Fathers and Sons and March Madness

March 14, 2006

Lig, your care and comfort at this difficult time are much appreciated. I didn’t expect Maryland to be invited to the big dance and they didn’t deserve to be invited (neither did Air Force, George Mason or 4 teams from the Missouri Valley Conference). Maryland fans will comfort themselves with memories of our national championship in 2002 as we anticipate the sweet news of a Duke loss in the tournament. Sunday night after the tournament selections were announced, Chad and I continued our tradition of going out to a local restaurant and filling out our brackets together. I have Duke losing in every round. Thursday can’t come fast enough. Let the madness begin!

I will do my best to provide some answers to your excellent questions about fathers and sons and sports. It is certainly an area I have given some thought and attention to, because of my love for sports and my son Chad’s participation in sports. My son is not only familiar with my love for sports, he is also aware of my idolatrous devotion to sports prior to my conversion. For me, participation in sports growing up was a means of self-exaltation. But I want my son to glorify God and not himself when he plays. So from a young age I have sought to protect him from emulating my past sinful example while building into his soul an appreciation for playing sports as a gift from God. I attempted to address this topic in chapter twelve of Humility: True Greatness.

Playing sports holds great potential for growth in godliness for our sons, but only if we as fathers lead our sons theologically and strategically. I fear that all too often our sons devote significant time to playing sports with little growth in godliness. Here is where the example and leadership of a father can make all the difference. It is our responsibility as fathers to teach and prepare our sons with biblical priorities prior to a game (or practice) and not to assume that we have fulfilled our fatherly responsibility simply by attending the game. And after the game, we should encourage and celebrate evidences of godliness and not primarily our sons’ athletic ability or achievements. Our priorities for our sons’ participation in sports must be theologically informed priorities rather than culturally celebrated priorities. Fathers who aren’t theologically informed are more impressed with athletic ability, statistics and final scores than they are biblical masculinity and godly character.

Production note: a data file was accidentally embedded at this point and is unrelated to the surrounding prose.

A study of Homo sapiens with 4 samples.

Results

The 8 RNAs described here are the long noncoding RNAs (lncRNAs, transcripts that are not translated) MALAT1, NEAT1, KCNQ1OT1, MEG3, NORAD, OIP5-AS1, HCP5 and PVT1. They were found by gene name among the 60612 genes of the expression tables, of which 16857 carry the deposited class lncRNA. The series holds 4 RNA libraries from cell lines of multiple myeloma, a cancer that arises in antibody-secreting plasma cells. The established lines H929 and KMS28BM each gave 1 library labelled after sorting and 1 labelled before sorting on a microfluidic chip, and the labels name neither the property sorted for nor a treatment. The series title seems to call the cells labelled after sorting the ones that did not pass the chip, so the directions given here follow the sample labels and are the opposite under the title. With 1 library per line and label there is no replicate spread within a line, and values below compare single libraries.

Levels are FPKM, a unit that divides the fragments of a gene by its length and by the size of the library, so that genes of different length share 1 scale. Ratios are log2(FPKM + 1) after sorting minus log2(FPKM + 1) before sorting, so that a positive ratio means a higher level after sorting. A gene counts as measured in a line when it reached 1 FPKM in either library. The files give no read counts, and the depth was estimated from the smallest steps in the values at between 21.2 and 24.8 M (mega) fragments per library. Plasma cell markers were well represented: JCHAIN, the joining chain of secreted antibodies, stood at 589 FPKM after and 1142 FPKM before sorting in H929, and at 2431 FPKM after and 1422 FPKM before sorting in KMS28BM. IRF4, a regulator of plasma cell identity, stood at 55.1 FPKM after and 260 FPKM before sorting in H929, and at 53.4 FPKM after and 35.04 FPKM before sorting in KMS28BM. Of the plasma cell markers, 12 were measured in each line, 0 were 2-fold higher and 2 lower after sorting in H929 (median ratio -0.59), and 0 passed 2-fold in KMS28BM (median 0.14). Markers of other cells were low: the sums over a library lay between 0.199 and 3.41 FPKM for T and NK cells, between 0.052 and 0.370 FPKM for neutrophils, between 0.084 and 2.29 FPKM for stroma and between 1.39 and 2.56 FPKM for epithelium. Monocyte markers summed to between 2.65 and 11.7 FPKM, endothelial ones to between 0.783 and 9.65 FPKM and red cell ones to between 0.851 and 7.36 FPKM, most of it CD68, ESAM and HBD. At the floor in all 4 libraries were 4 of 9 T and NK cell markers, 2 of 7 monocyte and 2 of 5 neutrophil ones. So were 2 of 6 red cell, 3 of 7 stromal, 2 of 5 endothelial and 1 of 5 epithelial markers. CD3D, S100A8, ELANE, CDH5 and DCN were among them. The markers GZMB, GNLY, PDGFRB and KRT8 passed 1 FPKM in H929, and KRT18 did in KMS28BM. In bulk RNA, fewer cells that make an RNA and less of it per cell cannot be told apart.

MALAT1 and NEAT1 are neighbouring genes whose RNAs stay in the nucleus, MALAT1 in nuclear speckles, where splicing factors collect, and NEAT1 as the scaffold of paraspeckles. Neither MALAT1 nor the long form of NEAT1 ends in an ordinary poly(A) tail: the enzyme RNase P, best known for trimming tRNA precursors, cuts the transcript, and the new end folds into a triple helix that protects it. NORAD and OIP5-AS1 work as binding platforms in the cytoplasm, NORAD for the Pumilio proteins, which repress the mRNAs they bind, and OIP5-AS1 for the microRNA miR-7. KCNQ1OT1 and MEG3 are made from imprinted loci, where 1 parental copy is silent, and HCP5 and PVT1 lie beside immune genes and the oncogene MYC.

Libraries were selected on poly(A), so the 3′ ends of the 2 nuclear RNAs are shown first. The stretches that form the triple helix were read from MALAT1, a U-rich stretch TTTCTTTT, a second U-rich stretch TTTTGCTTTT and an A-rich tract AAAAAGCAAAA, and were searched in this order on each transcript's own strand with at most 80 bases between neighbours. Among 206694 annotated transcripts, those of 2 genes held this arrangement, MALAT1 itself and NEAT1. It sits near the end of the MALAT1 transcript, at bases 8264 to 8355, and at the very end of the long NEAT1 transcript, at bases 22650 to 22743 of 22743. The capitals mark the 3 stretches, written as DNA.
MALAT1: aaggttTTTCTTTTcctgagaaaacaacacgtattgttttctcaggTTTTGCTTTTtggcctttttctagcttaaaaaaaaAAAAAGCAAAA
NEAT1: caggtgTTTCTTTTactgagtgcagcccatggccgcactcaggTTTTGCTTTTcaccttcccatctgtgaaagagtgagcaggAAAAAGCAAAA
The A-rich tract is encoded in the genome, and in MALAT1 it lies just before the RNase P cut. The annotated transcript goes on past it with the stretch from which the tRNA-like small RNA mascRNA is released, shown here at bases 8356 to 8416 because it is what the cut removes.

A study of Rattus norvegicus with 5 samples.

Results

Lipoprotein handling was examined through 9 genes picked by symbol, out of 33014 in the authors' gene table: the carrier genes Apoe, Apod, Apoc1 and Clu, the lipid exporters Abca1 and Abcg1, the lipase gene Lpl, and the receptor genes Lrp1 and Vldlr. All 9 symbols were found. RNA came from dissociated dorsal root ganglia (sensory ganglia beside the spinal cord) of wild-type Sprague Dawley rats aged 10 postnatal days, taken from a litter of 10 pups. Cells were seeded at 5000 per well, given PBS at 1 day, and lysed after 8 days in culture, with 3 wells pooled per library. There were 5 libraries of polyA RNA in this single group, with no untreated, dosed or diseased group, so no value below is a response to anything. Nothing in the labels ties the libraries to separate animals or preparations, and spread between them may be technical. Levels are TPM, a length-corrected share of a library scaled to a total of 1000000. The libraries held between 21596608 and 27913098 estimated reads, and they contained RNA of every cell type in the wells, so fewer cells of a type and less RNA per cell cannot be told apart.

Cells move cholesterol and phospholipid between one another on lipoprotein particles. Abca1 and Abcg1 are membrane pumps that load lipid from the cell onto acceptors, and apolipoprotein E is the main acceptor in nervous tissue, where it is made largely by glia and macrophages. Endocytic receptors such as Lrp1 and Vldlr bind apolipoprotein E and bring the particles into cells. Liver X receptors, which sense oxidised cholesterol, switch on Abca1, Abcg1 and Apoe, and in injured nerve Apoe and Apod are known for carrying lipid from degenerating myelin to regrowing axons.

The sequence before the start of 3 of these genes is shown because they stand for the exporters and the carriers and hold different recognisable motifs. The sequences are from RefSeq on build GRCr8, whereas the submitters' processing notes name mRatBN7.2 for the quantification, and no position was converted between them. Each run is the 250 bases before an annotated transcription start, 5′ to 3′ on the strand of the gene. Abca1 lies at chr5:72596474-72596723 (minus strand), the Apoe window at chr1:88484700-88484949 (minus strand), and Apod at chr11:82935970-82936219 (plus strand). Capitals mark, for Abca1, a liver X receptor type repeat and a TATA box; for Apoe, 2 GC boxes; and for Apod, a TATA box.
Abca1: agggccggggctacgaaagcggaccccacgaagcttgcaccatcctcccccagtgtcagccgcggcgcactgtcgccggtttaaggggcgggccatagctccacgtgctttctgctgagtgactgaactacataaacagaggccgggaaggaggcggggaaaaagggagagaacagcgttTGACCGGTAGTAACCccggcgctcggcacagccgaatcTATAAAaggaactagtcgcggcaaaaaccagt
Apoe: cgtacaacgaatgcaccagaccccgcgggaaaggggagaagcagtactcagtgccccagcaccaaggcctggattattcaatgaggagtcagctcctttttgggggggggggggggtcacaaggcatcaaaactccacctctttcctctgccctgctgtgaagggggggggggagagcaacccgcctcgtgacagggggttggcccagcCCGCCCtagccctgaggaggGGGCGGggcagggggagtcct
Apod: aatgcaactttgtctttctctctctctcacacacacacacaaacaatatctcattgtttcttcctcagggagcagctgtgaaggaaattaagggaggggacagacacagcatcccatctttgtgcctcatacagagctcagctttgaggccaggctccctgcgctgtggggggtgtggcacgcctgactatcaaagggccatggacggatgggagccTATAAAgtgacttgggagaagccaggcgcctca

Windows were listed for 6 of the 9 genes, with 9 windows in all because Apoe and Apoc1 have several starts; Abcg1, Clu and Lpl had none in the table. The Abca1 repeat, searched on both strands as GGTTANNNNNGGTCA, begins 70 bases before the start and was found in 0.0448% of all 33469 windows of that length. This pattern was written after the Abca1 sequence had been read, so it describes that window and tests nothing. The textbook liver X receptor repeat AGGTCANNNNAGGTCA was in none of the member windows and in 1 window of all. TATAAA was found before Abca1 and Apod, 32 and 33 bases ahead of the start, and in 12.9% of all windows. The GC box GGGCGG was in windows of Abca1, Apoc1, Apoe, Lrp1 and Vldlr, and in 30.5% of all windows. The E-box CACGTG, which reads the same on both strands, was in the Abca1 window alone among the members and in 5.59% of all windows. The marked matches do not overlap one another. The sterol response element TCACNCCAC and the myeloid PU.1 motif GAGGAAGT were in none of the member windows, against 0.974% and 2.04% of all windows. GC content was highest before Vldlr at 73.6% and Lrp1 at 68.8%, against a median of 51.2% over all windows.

So, prior to each practice and game (Chad plays basketball and soccer) I have a conversation with my son about how he can glorify God. Here is a sampling of the biblical priorities and practices I review with him:

  • Humbly receive correction from your coach and ask your coach how you can grow in character as well as athletic skill.
  • Thank your coaches for the way they have served you. And thank the referees after each game.
  • Encourage your teammates for their display of godly character and athletic skill–in that order of priority.
  • Encourage your opponents during and after the game. If you knock someone over, extend your hand to help them up.
  • Play the game passionately and unselfishly. Serve your team by playing aggressive defense [his father never did this] and passing the ball on offense [again, his father never did this].
  • Humbly respond when the referee calls a foul on you. Do not complain or disagree in word or by facial expression [his father never did this].
  • No inappropriate celebrating after you score; instead, recognize that others played a role [his father never did this].
  • Thank the team manager for the way he served and recognize the humility and servanthood he is displaying each game. True greatness is sitting on the end of the bench.

There is nothing original or profound about this list. But helping my son apply it to his heart and life can make a profound difference. So after each game, I review the above list with my son. I go over the game with him and celebrate any and all expressions of humility and godly character. I tell him that this is more important to me than how many points he scored or whether his team won the game (although we do play to win!). Remember, fathers, what you honor and celebrate, your son will emulate. Therefore, we must celebrate godly character more than athletic ability or achievement.

This applies to watching a game as well. So as Chad and I watch the tournament, I will draw his attention to any evidence of humility or unselfishness I observe, as well as any expression of arrogance or selfishness. I will celebrate the former and ridicule the latter. I don’t just watch the game with Chad; I seize it as a teaching moment to equip him with discernment about true greatness in the eyes of God.

My passion for my son as he plays sports is that he would please and glorify God. I want him to grow in godliness, not simply athletic ability. You see, Chad will never play professional sports. His participation in sports is temporary and meant to be preparatory. Like his father, he will inevitably grow old and only be able to walk for recreation or play golf poorly. But, by the grace of God, sports can help him grow in godly character and prepare him for manhood. His participation in sports can equip him to fulfill his calling as a man to humbly and courageously serve and lead in the home, church and culture. But for that to happen, a father must teach his son to discern and adopt biblical priorities and practices while playing sports.